Forty-eight to seven. The Eagles looked at the scoreboard at the Mercedes-Benz Superdome on November 18 and the score started to settle in. Forty-eight to seven.

Not pleasant. At all.

“When you lose 48-7, I don’t think you’re ever going to get that taste out of your mouth,” Pro Bowl tight end Zach Ertz said. “Horrible, horrible feeling. Embarrassing, humbling, all the words that you could possibly think of after that game were true. That’s something you don’t forget, for sure.”

Said safety Malcolm Jenkins: “We were beaten through and through. We didn’t have answers. It was important for us to take that game and process it as quickly as possible and move on to our next week. We did that and it helped turn our season around.”

As bad as the loss in New Orleans was eight weeks ago, it also provided a springboard for the Eagles to get their season straight. Since that defeat, the Eagles are 6-1 and along the way they’ve beaten playoff-bound teams like the Los Angeles Rams, Houston, and, in the postseason, Chicago. The only loss was to the eventual NFC East-winning Cowboys in overtime in Arlington, Texas.

In most areas, the Eagles have been dominant, and here are some numbers to prove it …

From Weeks 12-17, the Eagles ranked second in the NFL (to Kansas City) in drive score efficiency (46.2 percent), scoring on 33 of their 76 offensive drives.

  • Since Week 16 (Houston game), the Eagles' defense has faced 16 second-half drives. Only once have opponents run plays inside the red zone in that span.
  • Since Week 12, the Eagles have held opponents to a 14.3 percent scoring efficiency (1-of-7) on first possessions (best among remaining playoff teams in that span), allowing zero points on six straight opening drives.
  • Since Week 12, Philadelphia has held opponents to just 32.2 percent (28-of-87) on third-down conversions, including a 20 percent (5-of-25) mark in the last two games.
  • Since Week 12, the Eagles have forced three-and-outs on 27.6 percent (21-of-76) of their opponents’ drives, the best defensive three-and-out rate among remaining playoff teams in that span.
  • In his most recent four games, quarterback Nick Foles has completed 38 of 46 passes (82.6 percent) for 431 yards, five touchdowns, one interception, and a 132.9 passer rating on third and fourth down.

The point is, everything changed after the loss in New Orleans. It was a galvanizing moment at a time when, let’s be honest, the season could have gone one of two ways – and the second option was not going to be a pleasant one. The Eagles were 4-6 and nobody outside the team gave them a chance to revive their season.

"That game has helped us become the team we are today," Foles said. "Going through that, that's not easy as a team to lose like that. But there was never a pointing of the finger. It actually brought us closer. It can separate a team or it can bring us closer, and it brought us closer.”

Said defensive end Michael Bennett: “I think for us it was one of those things where the media, everybody counted us out. Nobody would believe. For as many people who'd say right now that they'd believe that we'd be in the playoffs, they'd be lying, of course. ... All you got is your teammates and the coaches in the organization, I think, for us we came together as people and people who want to do something great together. We don't really care about the outside. That's how you gotta keep it going.”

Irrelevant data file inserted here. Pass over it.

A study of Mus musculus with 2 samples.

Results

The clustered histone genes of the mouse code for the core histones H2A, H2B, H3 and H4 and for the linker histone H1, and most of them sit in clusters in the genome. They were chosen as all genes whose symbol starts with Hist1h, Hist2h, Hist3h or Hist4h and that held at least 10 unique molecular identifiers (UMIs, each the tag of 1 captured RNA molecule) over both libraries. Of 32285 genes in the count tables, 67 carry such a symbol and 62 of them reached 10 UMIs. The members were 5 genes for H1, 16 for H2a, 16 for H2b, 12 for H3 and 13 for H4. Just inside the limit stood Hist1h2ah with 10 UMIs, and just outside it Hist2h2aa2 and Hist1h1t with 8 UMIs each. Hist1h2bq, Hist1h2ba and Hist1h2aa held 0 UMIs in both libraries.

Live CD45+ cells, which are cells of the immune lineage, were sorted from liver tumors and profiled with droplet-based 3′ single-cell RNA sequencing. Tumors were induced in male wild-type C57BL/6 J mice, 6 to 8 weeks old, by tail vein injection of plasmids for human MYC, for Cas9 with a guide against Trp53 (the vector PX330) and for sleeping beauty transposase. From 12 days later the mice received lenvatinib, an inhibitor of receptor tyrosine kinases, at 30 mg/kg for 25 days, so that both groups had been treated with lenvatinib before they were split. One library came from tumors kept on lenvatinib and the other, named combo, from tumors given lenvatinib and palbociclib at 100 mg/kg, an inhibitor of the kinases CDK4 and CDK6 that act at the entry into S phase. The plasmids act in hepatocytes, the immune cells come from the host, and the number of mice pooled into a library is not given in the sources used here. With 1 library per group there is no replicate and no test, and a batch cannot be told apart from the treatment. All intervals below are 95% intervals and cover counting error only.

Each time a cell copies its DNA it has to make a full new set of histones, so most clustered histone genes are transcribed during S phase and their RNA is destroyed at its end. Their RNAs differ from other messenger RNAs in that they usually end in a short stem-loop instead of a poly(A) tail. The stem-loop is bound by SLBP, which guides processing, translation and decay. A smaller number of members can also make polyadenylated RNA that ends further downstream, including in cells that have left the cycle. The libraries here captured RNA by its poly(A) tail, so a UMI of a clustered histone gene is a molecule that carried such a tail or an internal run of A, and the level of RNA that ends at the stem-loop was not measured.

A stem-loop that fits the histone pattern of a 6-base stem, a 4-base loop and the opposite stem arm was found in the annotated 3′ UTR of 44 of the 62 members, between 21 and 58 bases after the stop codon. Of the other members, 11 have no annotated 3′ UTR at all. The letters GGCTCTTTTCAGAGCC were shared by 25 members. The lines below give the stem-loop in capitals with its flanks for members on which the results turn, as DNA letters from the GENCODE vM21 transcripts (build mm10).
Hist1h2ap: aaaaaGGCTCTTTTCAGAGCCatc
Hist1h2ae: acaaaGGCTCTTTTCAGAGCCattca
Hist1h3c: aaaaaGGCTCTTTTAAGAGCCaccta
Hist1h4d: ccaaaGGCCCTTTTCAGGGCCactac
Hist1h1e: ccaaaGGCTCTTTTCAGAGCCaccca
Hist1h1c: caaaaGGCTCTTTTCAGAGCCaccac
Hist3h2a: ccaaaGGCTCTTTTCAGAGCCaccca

For veterans who have been around the league long enough to know that one game can turn a season around, bouncing back from 48-7 is easily done – players learn to turn the page pretty quickly in this league. For the younger players not familiar with the tough side of the NFL, well, it took a minute to bounce back.

Cornerback Rasul Douglas, certainly one of the most improved players on the team now that he’s gotten some playing time and has built some confidence, said that the veterans showed the way and the young players followed their path. And now, looking at the entire picture, the Eagles are playing better football because they are an improved team.

They are a playoff team preparing for the NFC Divisional Round.

“We're just a better team now. Usually, you want to play your best ball at the end of the season going into the playoffs and that's what I think we're doing right now,” Douglas said. “That brought us together, like, we're going to really need all sides of the football – offense, defense, and special teams – to click if we want to be one of the best teams in the NFL.”

Forty-eight to seven seems like years ago, doesn’t it? The Eagles are in a completely different space than they were then. They played their best football at the right time of the season to get into the playoffs. Then, they maintained that level of performance to beat Chicago on Sunday and stay in the playoffs.

Confidence is flowing.

“We believe in ourselves and what we’re doing, but at the same time we know that New Orleans is a great football team and that we have to be at our best to beat them,” tackle Lane Johnson said. “That’s our goal – go out there on Sunday and play our best game of the season and I think if we do that, we’re going to be feeling good about where we are.”